Telstra wireless ad ban worries watchdog

Summary:Telstra's agreement to not promote wireless as a substitute for the National Broadband Network (NBN) as part of its $11 billion deal with the company "doesn't look good", according to the Australian Competition and Consumer Commission (ACCC) chair Rod Sims.

Telstra's agreement to not promote wireless as a substitute for the National Broadband Network (NBN) as part of its $11 billion deal with the company "doesn't look good", according to the Australian Competition and Consumer Commission (ACCC) chair Rod Sims.

In the definitive heads of agreement between NBN Co and Telstra, the telco has agreed not to promote wireless services, such as its long-term evolution (LTE) network, as a substitute for the NBN's fibre fixed-line service for a period of 20 years. Telstra will also forfeit any payments for disconnecting services at a premises if that premises does not take up an NBN connection, and someone in that premises proceeds to contract with Telstra for a wireless service.

Sims told ABC Radio National this morning that this clause "doesn't look good" to the competition watchdog, and could potentially be bad for competition in the telecommunications industry, but added that the regulator would wait to see what stakeholders say in response to the ACCC's discussion paper.

"When you're looking at wireless, you do have to think about whether wireless can be an effective competitor to the NBN," he said. "We need to just make sure that what Telstra and the NBN have agreed to in that agreement is not anti-competitive as far as wireless is concerned."

In the ACCC's discussion paper, it notes that whether this obligation will stifle competition will depend on how restrictive the advertising would have to be, and whether forfeiting the NBN payment in some premises would have a negative impact on Telstra's ability to compete in the wireless market.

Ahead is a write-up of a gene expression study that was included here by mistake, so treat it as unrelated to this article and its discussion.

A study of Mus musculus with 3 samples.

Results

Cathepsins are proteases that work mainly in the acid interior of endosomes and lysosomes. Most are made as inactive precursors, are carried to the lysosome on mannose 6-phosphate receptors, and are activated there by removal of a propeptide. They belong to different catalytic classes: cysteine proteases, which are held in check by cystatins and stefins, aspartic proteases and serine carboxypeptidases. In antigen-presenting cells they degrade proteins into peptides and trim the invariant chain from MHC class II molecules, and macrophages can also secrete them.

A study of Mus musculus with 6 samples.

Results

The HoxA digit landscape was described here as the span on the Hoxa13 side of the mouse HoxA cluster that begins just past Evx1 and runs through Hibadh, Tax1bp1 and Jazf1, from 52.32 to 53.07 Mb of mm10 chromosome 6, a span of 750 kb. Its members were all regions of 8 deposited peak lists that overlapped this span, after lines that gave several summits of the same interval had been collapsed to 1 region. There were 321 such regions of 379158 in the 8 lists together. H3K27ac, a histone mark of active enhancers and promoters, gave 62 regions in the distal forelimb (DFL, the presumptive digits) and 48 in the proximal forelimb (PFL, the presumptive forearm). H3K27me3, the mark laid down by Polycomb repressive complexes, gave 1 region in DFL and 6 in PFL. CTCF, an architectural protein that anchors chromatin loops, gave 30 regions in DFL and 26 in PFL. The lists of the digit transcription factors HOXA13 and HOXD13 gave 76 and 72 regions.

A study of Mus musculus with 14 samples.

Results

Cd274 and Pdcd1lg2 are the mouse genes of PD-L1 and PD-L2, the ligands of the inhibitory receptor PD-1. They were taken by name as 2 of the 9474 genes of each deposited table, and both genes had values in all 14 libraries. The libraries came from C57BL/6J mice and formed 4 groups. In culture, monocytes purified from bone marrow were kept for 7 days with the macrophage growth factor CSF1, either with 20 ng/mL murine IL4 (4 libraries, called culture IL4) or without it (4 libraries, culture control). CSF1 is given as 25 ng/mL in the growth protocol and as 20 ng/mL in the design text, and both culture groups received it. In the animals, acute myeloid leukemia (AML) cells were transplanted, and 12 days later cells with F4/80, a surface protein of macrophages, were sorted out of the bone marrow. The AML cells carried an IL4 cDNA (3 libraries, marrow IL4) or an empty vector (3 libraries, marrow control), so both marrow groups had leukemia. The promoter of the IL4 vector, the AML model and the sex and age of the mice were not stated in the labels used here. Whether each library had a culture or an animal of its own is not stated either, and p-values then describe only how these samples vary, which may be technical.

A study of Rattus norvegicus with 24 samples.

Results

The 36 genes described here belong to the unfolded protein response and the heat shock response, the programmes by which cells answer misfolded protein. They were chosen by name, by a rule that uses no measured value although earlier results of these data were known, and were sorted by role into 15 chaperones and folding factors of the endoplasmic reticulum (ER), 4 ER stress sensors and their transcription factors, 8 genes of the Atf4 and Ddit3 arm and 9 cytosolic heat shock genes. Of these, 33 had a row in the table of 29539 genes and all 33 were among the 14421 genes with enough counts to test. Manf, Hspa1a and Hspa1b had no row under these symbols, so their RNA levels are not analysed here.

While this is a concern, Sims said that the dominant concern for the ACCC is Telstra's commitment to providing equivalent wholesale services between its retail arm and retail competitors in the intervening 10-year period as the NBN rolls out and the copper network is decommissioned.

"I think the key focus should be trying to get what is in front of us right. This is something that is capable of resolution," he said. "There is some serious work to be done, but it is all solvable, I think."

Shadow Communications Minister Malcolm Turnbull yesterday labelled the ACCC's concerns as proof that Communications Minister Stephen Conroy had been cutting corners in the NBN roll-out.

"In pursuing these policies, Senator Conroy once again put the political interests of the Government and the ALP ahead of the national interest," he said in a statement. "The ACCC rightly called him on this. It is now up to NBN Co, Telstra and the Government to address the ACCC's concerns."

Topics: NBN, Broadband, Government, Government : AU, Telcos, Telstra

About

Armed with a degree in Computer Science and a Masters in Journalism, Josh keeps a close eye on the telecommunications industry, the National Broadband Network, and all the goings on in government IT.